ALEXANDRIA, VA, 2014-12-9 — /EPR Retail News/ — Consumers are much less likely to consider a non-gasoline powered vehicle as gas prices continue to decline, according to a new consumer survey examining preferences related to alternative vehicles.
Four in five consumers (80%) considering an alternative fuel vehicle say that the primary reason is to save money on fuel. However, as gas prices decline, so does interest in these alternative vehicles. Each 10-cent drop in gas prices corresponds to a 1% decrease in the percentage of consumers considering alternative vehicles: 78% would consider a non-gas powered vehicle if gas were $5 a gallon, compared to 68% if gas were $4 and 56% if gas were $3, according to an alternative fuel vehicles tracking study commissioned by the National Association of Convenience Stores (NACS).
Nearly three out of four consumers (72%) considering an alternative vehicle would consider a hybrid, followed by flex fuel vehicles (42%), all electric (34%), and hydrogen fuel cell and diesel fuel (22% each).
Consumer interest in alternative vehicles has fallen sharply since April 2014 when gas prices were 90 cents per gallon more than today. Consumer interest has particularly declined for all-electric vehicles, with 34% indicating interest, compared to 55% in April. Women are far less likely to consider an all-electric vehicle than men (27% vs. 40%), likely because of range-anxiety concerns.
Besides seeking out fuel savings, consumers identified a number of other factors that could incent them to purchase alternative-fuel vehicles: 51% of consumers would consider an alternative vehicle to protect the environment, 45% would to reduce American dependence on foreign oil, 42% would to reduce their carbon footprint and 41% would to increase their driving range.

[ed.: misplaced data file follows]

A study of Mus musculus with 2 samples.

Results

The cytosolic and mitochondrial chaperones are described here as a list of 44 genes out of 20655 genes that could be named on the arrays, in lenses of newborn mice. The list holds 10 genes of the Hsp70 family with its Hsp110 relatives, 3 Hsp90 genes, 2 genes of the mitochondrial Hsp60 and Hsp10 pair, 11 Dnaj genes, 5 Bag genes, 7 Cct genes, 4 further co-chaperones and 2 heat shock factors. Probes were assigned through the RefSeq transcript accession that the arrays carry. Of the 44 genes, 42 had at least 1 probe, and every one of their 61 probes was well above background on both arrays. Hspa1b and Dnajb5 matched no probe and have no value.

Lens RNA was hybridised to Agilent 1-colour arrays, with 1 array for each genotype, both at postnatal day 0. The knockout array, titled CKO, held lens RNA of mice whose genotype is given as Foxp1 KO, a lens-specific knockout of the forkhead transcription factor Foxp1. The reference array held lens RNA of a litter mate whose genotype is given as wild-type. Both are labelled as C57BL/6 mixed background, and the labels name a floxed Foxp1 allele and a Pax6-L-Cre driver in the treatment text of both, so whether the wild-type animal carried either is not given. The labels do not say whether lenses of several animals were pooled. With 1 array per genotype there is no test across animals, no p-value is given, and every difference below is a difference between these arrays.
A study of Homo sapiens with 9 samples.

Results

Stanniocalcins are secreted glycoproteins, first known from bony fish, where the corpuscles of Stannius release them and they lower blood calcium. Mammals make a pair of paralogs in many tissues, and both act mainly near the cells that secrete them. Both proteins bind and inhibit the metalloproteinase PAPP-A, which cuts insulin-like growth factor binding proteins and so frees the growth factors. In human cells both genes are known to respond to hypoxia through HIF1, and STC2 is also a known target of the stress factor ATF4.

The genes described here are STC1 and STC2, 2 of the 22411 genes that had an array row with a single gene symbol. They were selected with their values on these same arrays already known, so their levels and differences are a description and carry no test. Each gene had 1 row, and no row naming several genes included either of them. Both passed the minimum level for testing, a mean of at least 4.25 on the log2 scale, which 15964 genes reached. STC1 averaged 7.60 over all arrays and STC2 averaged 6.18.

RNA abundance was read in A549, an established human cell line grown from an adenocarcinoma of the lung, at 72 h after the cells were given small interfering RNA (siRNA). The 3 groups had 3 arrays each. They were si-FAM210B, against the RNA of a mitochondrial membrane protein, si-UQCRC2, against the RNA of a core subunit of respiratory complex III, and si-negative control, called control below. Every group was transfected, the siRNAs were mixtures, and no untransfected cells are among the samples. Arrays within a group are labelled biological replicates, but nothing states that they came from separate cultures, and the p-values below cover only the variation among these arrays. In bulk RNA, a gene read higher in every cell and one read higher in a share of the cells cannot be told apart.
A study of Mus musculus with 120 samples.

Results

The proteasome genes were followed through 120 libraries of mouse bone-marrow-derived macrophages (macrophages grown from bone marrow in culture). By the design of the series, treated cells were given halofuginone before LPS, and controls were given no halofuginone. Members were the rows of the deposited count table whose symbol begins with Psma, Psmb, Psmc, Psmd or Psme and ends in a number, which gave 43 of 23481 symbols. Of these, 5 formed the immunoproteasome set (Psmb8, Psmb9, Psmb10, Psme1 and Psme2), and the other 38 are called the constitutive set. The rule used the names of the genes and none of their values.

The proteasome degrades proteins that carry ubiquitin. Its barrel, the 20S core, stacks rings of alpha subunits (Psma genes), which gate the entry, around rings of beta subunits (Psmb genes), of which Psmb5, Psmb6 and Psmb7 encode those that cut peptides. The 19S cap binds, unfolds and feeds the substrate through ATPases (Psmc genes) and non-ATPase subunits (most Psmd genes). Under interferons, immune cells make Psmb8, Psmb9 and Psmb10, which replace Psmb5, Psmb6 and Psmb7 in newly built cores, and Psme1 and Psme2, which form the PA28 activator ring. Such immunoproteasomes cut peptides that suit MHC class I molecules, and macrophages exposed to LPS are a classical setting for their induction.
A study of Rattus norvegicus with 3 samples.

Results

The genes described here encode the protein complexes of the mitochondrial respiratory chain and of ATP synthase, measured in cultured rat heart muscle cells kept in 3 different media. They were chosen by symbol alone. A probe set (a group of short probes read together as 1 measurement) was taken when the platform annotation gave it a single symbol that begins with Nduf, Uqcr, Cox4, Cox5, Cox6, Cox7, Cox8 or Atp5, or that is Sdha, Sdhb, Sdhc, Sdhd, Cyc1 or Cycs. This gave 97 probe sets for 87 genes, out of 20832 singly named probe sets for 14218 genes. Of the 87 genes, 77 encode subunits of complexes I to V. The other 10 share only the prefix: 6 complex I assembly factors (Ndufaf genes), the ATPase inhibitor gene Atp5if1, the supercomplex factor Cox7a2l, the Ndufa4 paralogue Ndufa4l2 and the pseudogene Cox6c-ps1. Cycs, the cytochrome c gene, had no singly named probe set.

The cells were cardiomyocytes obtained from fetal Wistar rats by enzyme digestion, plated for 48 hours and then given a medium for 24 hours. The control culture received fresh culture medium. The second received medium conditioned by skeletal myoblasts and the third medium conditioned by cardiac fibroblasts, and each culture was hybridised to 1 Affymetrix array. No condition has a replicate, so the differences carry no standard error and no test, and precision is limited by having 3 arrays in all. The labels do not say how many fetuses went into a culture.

While the survey results are not encouraging to the alternative fueling industry, there may be some opportunities to expand sales. Older consumers, those over age 50, are most likely to consider an alternative fuel vehicle as a means of reducing American dependence on foreign oil: 59% cited this reason, compared to 35% of those ages 18-34. Meanwhile, younger consumers are more interested in how the vehicles fit their lifestyle: 22% cited that reason, compared to only 8% of those over age 50.
NACS, which represents the convenience store industry that sells 80% of the gas sold in the country, conducts a monthly consumer sentiment survey to gauge how gas prices affect broader economic trends. The National Association of Convenience Stores (NACS) survey was conducted by Penn, Schoen and Berland Associates LLC; 1,110 gas consumers were surveyed Nov. 5-7, 2014.
Founded in 1961 as the National Association of Convenience Stores, NACS (nacsonline.com) is the international association for convenience and fuel retailing. The U.S. convenience store industry, with more than 151,000 stores across the country, posted $696 billion in total sales in 2013, of which $491 billion were motor fuels sales. NACS has 2,100 retail and 1,600 supplier member companies, which do business in nearly 50 countries.